A 21-year-old man who was sentenced on Monday for sexually abusing two boys while baby-sitting them will not see a parole board until he serves 35 years in prison, according to Berkeley County Assistant Prosecuting Attorney Gregory K. Jones.
Christopher Michael Jensen of Cheswick Drive in Martinsburg was ordered by 23rd Judicial Circuit Judge Christopher C. Wilkes to serve not less than 35 or more than 75 years in prison.
Wilkes also ordered Jensen to be placed on supervised release for 50 years upon being released from prison and to register as a sex offender for the remainder of his life.
Jensen’s sentencing in Berkeley County Circuit Court came after the judge heard statements prepared by the boys’ parents.
Jensen, who declined to make a statement in court Monday, was found guilty in February of one count of first-degree sexual assault and two counts of sexual abuse.
Wilkes ordered that the prison sentence for each conviction — 10 to 20 years for the abuse charges and 15 to 35 years for the assault — be served consecutively.
The jury seated for his trial found him not guilty of one count of first-degree sexual assault in the case.
The boys were 3 and 4 years old when the crimes occurred, and Jensen was 16, attorneys said.
The alleged sexual contact with the boys occurred in November 2007, but the children did not report what occurred until January 2012, attorneys have said.
The prosecution alleged in the case that Jensen was baby-sitting the boys when he individually assaulted them in the bathroom of their home after they were blindfolded, Jones has said.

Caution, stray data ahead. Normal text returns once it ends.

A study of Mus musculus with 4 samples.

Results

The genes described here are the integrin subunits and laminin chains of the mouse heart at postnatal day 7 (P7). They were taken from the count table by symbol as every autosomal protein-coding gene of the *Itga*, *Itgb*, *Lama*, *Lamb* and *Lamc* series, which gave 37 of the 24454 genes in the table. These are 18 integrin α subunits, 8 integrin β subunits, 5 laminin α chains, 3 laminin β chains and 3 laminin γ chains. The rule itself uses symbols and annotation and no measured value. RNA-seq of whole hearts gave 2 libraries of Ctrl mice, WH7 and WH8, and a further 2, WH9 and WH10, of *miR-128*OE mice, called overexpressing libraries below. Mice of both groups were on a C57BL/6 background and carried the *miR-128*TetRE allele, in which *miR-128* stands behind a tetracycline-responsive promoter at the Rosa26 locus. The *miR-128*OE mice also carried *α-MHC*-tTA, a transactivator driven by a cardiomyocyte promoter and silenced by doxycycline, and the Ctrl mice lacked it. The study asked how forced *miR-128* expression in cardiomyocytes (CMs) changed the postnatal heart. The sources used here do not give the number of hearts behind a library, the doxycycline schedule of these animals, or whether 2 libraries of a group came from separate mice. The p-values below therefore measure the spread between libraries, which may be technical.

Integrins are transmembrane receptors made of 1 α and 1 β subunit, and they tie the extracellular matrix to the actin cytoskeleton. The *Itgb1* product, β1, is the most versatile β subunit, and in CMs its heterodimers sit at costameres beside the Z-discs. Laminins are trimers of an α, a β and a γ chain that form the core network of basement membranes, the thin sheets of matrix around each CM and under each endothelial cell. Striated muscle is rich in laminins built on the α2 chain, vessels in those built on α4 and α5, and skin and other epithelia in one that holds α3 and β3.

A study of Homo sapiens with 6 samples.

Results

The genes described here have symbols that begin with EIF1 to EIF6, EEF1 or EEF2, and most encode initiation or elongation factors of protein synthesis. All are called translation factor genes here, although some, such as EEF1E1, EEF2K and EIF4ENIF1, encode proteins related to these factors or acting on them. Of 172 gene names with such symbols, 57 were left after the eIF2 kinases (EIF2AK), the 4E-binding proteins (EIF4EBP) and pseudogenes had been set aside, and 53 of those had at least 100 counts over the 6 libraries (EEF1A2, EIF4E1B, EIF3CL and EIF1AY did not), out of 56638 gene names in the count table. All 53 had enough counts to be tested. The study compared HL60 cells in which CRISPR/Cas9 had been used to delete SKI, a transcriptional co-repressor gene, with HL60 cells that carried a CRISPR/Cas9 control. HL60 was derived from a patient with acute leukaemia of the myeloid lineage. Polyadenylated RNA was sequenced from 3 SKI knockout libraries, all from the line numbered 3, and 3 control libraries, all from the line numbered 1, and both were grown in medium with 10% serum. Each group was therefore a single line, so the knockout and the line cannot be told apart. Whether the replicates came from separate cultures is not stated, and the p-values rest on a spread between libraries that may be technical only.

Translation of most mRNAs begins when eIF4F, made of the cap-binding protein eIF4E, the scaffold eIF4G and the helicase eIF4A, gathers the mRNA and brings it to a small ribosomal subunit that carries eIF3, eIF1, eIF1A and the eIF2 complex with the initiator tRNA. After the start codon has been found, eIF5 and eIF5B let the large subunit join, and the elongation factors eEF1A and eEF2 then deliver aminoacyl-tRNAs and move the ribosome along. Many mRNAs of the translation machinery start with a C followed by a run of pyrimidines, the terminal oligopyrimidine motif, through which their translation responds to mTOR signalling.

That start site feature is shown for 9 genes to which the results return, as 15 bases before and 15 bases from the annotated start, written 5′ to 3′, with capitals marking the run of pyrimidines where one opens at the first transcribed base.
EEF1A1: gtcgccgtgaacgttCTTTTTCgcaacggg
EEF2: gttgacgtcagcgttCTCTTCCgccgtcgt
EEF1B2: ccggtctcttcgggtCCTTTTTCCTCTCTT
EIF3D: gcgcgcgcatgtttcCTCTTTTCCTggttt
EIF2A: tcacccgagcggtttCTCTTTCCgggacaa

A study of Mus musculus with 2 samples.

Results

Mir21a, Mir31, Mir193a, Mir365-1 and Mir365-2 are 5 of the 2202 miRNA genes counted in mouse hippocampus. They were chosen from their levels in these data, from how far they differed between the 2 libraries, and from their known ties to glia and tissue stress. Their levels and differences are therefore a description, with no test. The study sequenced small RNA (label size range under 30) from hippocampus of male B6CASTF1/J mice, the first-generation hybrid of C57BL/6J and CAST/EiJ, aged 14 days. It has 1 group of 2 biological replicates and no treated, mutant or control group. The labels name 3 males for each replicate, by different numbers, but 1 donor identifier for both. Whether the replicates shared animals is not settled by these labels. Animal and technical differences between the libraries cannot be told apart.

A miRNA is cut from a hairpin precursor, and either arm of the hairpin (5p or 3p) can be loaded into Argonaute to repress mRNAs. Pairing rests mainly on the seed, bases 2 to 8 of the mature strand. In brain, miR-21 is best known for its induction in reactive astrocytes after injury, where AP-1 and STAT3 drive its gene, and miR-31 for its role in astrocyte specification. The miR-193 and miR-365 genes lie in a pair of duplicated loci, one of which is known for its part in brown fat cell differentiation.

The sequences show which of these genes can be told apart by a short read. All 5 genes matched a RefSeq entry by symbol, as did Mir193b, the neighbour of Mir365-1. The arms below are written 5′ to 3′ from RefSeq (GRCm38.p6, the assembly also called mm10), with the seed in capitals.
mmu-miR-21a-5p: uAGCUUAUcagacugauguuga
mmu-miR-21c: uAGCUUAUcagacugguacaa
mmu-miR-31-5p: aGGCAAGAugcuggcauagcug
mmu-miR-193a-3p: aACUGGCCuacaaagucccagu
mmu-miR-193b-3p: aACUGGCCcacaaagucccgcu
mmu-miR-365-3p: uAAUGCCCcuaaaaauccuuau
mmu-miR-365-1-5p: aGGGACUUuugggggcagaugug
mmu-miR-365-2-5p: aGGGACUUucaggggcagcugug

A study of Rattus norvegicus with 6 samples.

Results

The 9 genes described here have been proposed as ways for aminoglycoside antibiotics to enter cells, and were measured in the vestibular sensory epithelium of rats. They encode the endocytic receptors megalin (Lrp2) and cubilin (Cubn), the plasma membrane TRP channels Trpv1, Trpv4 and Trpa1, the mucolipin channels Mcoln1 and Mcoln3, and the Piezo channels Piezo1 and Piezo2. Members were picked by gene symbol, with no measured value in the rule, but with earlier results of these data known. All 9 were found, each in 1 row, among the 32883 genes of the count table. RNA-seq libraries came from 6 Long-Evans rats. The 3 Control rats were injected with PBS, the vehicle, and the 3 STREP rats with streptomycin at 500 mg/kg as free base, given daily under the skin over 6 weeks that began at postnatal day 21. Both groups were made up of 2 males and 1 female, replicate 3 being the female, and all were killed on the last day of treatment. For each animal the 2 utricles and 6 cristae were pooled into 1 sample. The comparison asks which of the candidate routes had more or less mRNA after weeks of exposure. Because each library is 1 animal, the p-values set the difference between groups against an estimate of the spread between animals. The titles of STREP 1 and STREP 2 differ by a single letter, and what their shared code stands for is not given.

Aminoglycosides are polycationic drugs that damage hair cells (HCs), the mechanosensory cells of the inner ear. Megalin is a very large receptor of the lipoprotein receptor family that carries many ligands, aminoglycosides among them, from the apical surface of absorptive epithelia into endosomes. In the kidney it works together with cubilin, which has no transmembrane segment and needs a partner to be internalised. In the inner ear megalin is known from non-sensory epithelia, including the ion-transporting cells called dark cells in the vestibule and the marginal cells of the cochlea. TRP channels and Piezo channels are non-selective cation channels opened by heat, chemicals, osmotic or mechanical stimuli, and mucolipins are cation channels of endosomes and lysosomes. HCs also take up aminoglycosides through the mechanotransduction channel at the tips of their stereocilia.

At times overcome with emotion, the boys’ mother tearfully told the court that she had trusted Jensen to watch over her children in their parents’ absence.
She said her boys’ lives were forever changed after they were “preyed” upon by Jensen.
“How could he wound children so deeply with no remorse?” the boys’ mother said in prepared remarks, recounting the defendant’s apparent disposition in the courtroom during his trial.
In ordering the maximum sentence, Wilkes said he looked at the age difference between the victims and the defendant. He also cited the findings of an evaluation that found Jensen had impulse control issues and had not taken responsibility for his actions.
“You may never be able to control those impulses,” Wilkes told Jensen.
Based on the evaluation’s findings, the judge said he also felt Jensen could increasingly be more dangerous the older he gets and would pose an “extreme risk” to young people.
The victims’ mother told the court that her boys don’t understand why they were targeted, but also noted that through this ordeal other children will be safe.
Prior to sentencing Jensen, Wilkes denied motions for acquittal and a new trial that were filed by public defenders Don Wrye and Carrie Lehman.
When asked by Wilkes, Jensen said he wished to retain the attorneys as his counsel for a possible appeal of the case.
Jensen was indicted by a grand jury in October 2012 on the four felony sex offenses.
The West Virginia State Police investigated the case.